How to Do the Pick Up, Put Down Sleep Training Method

What is it? Popularized by Tracy Hogg in her book Secrets of the Baby Whisperer: How to Calm, Connect, and Communicate with your Baby, the pick up, put down method promises to teach infants how to fall asleep on their own without making them feel abandoned. Parents are highly involved in this approach that works best for babies aged four to eight months, although it can also be used for those who are a little older.

I’m intrigued. How do I try the pick up, put down method? After a soothing bedtime routine, put your baby down in her crib or bassinet drowsy but still awake. If she doesn’t fuss, leave the room. If she starts to cry, follow a “stop, wait and listen” approach (i.e., don’t immediately rush into the room but instead listen to see if she’s just fussing or actually needs you to comfort her). If she continues to get worked up, go in and pick her up for a minute or two (the pick up part) and then lay her back down (the put down part), again making sure that she’s still awake. Repeat this process until your baby is fully settled and has fallen asleep—which could be a while (think: hours and hours).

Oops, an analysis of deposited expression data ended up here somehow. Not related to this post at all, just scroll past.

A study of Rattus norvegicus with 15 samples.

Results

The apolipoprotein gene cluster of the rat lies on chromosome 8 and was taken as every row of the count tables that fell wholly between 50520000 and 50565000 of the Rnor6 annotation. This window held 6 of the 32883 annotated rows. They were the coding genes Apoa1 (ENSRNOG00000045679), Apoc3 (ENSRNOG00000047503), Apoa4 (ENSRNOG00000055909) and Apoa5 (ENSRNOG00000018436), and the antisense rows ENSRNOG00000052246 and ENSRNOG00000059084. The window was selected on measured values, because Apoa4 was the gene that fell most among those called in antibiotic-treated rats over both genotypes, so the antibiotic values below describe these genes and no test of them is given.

Does it work? Like other sleep training methods, whether or not the PU/PD approach will work depends on the baby and their temperament. While some infants find this gentle process soothing, it may be too stimulating for others. But before you try it, know that this isn’t going to be a quick fix—parents who have seen success with the pick up, put down method report that it can take several weeks or even a couple of months to really stick. Patience is key. (Also, be sure to switch it up with your partner so that you don’t lose your mind—or break your back.)